What do we do about a wet basement?

Red flag alert!

We are always on the lookout for a wet basement floor or wall. This issues aways requires further investigation after the initial inspection.  

What's the cause?

Wet basements have multiple causes. The majority of them are likely going to be expensive to fix. Here are some of the most common failure modes.

  • Cracks in the foundation wall, allowing surface water runnoff (rain) to enter the interior space.
  • Cracks in the concrete floor slab, allowing surface water runnoff to enter the interior space.
  • Water pressure against the foundation and footing, seeping through the floor-wall joint or permiating through the concrete.
  • Ground water level is higher than the floor of the basement.
  • There is no sump pump or the pump has failed.
  • A leaking water pipe or fixture in the wall can cause enormous structural damage if dripping over a long period of time.
  • Water from a leaking water pipe under the floor slab will find a way to surface in the basement.

How's it look?

We look for signs of distress on the building or accomodation by the occupant if it’s been a long term issue. Here are some examples.

  • On concrete, wood or drywall there will be some staining. If it has been a long standing issue, then expect some mold, rot or precipitate on the surfaces.
  • Wood and laminate flooring may warp or swell.
  • Carpeting may have organic growth on it, incuding moss and or fungus.
  • An inspector will use an electronic meter to read the percent moisture. We consider anything over 12% as suspect and over 20% as wet.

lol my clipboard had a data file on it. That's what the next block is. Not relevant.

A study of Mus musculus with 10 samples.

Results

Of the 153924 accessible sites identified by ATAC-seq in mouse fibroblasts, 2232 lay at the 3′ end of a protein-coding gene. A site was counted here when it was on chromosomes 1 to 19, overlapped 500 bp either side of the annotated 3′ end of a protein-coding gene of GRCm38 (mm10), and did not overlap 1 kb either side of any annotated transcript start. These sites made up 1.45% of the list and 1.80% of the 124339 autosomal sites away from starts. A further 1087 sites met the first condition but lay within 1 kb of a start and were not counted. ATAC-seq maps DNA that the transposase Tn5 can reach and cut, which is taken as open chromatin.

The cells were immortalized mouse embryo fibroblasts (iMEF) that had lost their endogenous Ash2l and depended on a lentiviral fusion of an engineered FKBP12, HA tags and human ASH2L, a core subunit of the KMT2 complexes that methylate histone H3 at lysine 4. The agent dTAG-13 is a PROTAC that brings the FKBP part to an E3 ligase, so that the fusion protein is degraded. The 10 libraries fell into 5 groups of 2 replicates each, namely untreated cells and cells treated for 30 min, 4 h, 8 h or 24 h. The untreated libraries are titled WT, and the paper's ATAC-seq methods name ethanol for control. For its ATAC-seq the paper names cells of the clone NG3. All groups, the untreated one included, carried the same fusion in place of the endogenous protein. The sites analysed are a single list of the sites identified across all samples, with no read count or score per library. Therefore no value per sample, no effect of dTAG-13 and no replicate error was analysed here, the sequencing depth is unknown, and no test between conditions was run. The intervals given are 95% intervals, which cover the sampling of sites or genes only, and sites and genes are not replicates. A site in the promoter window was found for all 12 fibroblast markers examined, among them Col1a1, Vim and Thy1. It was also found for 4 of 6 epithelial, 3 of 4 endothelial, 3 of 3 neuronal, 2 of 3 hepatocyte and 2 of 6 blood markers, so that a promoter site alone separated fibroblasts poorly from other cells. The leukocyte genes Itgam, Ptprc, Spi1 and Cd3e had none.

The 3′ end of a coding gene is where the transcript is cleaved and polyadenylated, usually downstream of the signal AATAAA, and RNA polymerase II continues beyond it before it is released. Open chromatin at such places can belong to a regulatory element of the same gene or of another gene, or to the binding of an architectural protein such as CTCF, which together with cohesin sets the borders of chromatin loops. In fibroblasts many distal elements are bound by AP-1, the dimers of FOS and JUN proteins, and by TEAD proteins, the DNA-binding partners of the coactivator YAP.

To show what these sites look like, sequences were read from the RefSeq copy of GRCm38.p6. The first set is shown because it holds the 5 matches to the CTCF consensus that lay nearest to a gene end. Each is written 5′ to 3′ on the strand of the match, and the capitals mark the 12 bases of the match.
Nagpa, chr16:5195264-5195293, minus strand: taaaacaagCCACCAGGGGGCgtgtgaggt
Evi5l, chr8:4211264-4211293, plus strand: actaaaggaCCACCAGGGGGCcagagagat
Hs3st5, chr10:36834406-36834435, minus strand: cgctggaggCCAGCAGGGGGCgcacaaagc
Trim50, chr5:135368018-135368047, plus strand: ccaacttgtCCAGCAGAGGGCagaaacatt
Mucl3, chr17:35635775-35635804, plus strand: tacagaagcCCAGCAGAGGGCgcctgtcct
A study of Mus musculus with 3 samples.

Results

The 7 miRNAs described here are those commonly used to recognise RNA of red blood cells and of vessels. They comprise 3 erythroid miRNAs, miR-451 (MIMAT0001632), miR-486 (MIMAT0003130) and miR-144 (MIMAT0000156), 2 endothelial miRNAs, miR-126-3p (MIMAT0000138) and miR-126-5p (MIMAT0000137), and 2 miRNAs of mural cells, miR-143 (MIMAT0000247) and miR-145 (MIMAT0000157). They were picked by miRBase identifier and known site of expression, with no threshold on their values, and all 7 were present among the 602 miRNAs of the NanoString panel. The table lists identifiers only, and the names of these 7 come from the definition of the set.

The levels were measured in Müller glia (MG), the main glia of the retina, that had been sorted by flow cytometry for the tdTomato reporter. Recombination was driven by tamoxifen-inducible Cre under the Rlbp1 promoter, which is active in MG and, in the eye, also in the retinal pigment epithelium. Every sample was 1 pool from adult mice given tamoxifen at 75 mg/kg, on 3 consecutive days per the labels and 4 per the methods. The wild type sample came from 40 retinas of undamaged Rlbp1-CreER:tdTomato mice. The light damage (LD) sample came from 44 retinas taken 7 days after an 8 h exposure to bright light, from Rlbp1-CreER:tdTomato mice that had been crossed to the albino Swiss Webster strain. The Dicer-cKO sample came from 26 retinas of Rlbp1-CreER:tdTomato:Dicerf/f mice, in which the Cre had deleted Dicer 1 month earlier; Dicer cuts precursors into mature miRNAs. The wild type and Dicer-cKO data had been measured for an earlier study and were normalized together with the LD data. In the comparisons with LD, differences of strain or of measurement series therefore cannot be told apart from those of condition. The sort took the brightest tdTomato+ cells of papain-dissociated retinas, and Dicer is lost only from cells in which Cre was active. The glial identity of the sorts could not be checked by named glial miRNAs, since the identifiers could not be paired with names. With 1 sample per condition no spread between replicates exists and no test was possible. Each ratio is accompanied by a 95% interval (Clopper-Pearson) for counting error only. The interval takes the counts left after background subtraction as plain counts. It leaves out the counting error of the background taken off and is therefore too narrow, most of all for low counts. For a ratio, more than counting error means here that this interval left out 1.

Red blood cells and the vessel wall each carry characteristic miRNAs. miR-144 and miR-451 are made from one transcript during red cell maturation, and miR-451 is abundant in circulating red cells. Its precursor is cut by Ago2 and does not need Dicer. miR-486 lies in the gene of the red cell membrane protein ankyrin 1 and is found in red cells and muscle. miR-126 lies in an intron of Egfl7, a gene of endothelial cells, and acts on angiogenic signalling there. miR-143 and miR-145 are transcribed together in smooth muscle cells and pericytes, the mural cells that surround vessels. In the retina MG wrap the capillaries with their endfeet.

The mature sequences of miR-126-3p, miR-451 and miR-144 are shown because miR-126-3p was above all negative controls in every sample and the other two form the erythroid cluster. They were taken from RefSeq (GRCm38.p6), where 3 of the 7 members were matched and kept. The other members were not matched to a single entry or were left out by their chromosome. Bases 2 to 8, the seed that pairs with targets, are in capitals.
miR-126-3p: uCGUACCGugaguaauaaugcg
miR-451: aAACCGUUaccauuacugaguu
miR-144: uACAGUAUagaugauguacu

• If items in storage are lifted off the ground, then water infiltration is suspected.
  • If freestanding equipment such as a furnace is rusted at the base, then moisture is suspected.  

What's at risk?

Water ingress is serious and needs to be dealt with in a timely manner. The impacts to the occupant and owner are the following.

  • The most important risk is that it may be a health hazard. Air quality will be suspect as allergens such as mold may be present.
  • Damages to interior structures and finishes may be substantial, especially if it has be an ongoing issues for a long time.

Take action before 'Subject Removal' date.

Once the home inspection has been identified a wet basement, then there is work to be done to identify the source of the leak. This typically involves some demolition work of drywall and flooring, in order to establish the extent of the damage.

The next step involves the scope of repair. For example, an excavator or digging by hand may be required to reach a failed perimeter drainage system along the exterior wall. Unfortunately, the drains in this case are at the elevation of the footings, which are below the foundations. You can let your imagination run wild here to estimate the cost. It certainly will for the contractor you employ.

Finally and most important, if you are a buyer of such a property, be sure to get estimates for the repair prior to the subject removal date. You will need to know the risk to your finances that this issue can present.